What is LEED Certification?
LEED (Leadership in Energy and Environmental Design) is an internationally recognized green building certification program developed by the U.S. Green Building Council (USGBC). Getting certified can result in energy and cost savings, and may allow you to take advantage of state and local tax incentives. Certification is available for commercial structures at any point in a building’s lifecycle, from new construction and renovations to operation and maintenance. Separate certifications are also available for neighborhood development and residential homes. The flexible points based system means not every project needs to meet the same requirements as long as a minimum point-threshold is met.
LEED Certification Levels and Rating Systems
Selecting the appropriate rating system for your project is the first step to earning a LEED certification for your project.
- Building Design and Construction (BD+C): New buildings under construction or major renovation where 60% of the project’s gross floor area is complete by the time of certification (except for the LEED BD+C Core and Shell).
- Interior Design and Construction (ID+C): Complete interior fit-out spaces where at least 60% of the project’s gross floor area is complete by the time of certification.
- Building Operations and Maintenance (O+M): Fully operational buildings occupied for at least one year. Must include the building’s enter gross floor area. May include but does not require construction changes.
- Neighborhood Development (ND): New land development projects and redevelopment projects at any stage of the development process.
- Homes: Single family homes, low-rise and mid-rise multi-family homes from one to six stories.
For additional information on the rating systems or for help selecting the appropriate rating system, visit usgbc.org for rating system selection guidance.
Points are awarded within each rating system for meeting certain requirements. The number of points awarded per requirement varies, so it’s important to identify the LEED credits to pursue during the application process in order to meet the desired threshold.
- Certified 40-49 Points
- Silver 50-59 Points
- Gold 60-79 Points
- Platinum 80+ Points
Benefits of LEED Certification
Though potentially expensive upfront, there are methods to offset the fees and material costs. According to usgbc.org, LEED certified buildings on average cost 40% less to operate and retain higher property values over the lifespan of the building. In addition to state and local tax incentives, some jurisdictions expedite permits, offer grants, loans, fee reductions/waivers, technical and design assistance, or additional incentives for LEED certified structures. Green buildings may also be allowed additional height bonuses, or reduce landscaping through bonus density programs. For example, downtown Seattle allows for greater height and floor area when projects achieve a LEED Silver rating or higher and LEED certified buildings in Arlington, Virginia are allowed up to three extra stories depending on the certification level.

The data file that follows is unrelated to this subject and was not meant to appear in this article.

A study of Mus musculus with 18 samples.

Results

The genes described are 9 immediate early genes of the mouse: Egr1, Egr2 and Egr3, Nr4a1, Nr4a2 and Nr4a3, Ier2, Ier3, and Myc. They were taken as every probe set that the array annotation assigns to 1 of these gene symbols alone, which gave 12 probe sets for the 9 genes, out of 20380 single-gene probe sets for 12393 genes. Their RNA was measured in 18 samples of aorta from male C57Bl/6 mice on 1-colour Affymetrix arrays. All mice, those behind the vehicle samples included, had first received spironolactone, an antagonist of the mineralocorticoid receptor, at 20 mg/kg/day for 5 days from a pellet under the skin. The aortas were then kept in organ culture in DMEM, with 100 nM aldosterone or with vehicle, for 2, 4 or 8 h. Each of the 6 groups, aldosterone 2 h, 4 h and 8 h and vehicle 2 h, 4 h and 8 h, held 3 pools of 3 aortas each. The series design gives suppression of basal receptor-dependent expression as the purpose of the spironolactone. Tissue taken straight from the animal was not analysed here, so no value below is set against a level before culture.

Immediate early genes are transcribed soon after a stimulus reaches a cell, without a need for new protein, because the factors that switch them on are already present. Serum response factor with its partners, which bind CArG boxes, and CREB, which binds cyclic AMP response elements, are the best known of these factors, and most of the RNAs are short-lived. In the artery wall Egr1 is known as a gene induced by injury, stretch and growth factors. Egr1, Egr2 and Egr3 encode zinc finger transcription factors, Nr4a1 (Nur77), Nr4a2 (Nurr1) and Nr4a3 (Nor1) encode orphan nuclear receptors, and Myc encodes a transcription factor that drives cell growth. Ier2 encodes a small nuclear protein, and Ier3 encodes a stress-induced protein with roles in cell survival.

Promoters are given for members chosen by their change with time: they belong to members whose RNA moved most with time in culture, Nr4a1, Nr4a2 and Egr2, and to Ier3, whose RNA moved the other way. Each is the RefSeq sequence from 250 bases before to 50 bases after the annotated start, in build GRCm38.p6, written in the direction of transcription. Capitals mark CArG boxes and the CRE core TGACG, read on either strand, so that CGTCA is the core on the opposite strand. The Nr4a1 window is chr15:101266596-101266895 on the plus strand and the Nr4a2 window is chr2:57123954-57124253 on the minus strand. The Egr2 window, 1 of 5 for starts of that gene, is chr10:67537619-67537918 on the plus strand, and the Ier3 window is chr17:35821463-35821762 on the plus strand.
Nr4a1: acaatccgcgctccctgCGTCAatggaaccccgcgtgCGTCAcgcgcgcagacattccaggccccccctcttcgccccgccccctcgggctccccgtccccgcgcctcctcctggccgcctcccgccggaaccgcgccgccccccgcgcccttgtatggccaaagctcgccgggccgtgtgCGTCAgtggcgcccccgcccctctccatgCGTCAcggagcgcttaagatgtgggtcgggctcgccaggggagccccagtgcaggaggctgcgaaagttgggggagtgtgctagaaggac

How Do Light Bulbs Help Achieve LEED Certification?
LED light bulbs are energy efficient. Installing or retrofitting commercial LED fixtures can help projects reach the required minimum energy performance prerequisite and earn up to 20 points for optimizing energy performance as measured in kW per square meter-year. Utilizing LED lights, engineering consultant Cundall, was able to design a lighting scheme that uses only 4 watts of energy per square meter. According to the U.S. Department of Energy, if all linear high bay and low bay fixtures were replaced or retrofitted with commercial LED fixtures overnight, we would see a 60% reduction in energy consumption.
Vacancy and occupancy sensors for low traffic areas, such as bathrooms and storage rooms ensure electricity isn’t wasted when no one is in the room and dimmer switches can be used to control how much light is used throughout the day. By dimming lights close to windows, you can take advantage of natural light during the day and provide occupants individual control. Utilizing dimmers and task lighting is worth up to two additional points and has a positive impact on employee engagement, productivity, retention, and absenteeism. One additional credit is available for outdoor fixtures that have no more than a B2 U2 G2 backlight-uplight-glare (BUG) rating.
LEED Certification Deadlines
Because USGBC periodically updates the LEED ratings system, old versions are phased out. Commercial registration for the current version (V2009) is open until 10/31/16. If accepted, the certification process must be completed by 6/30/21.
Questions? Comments? Want to be led through the LEED certification program? USGBC can help you get started with your project and we’ll be here when you’re ready to install or renovate your commercial light fixtures and outdoor lighting. As always, you can reach us by leaving us a note in the comment area below or through Facebook, Twitter, Google Plus, LinkedIn, and Pinterest.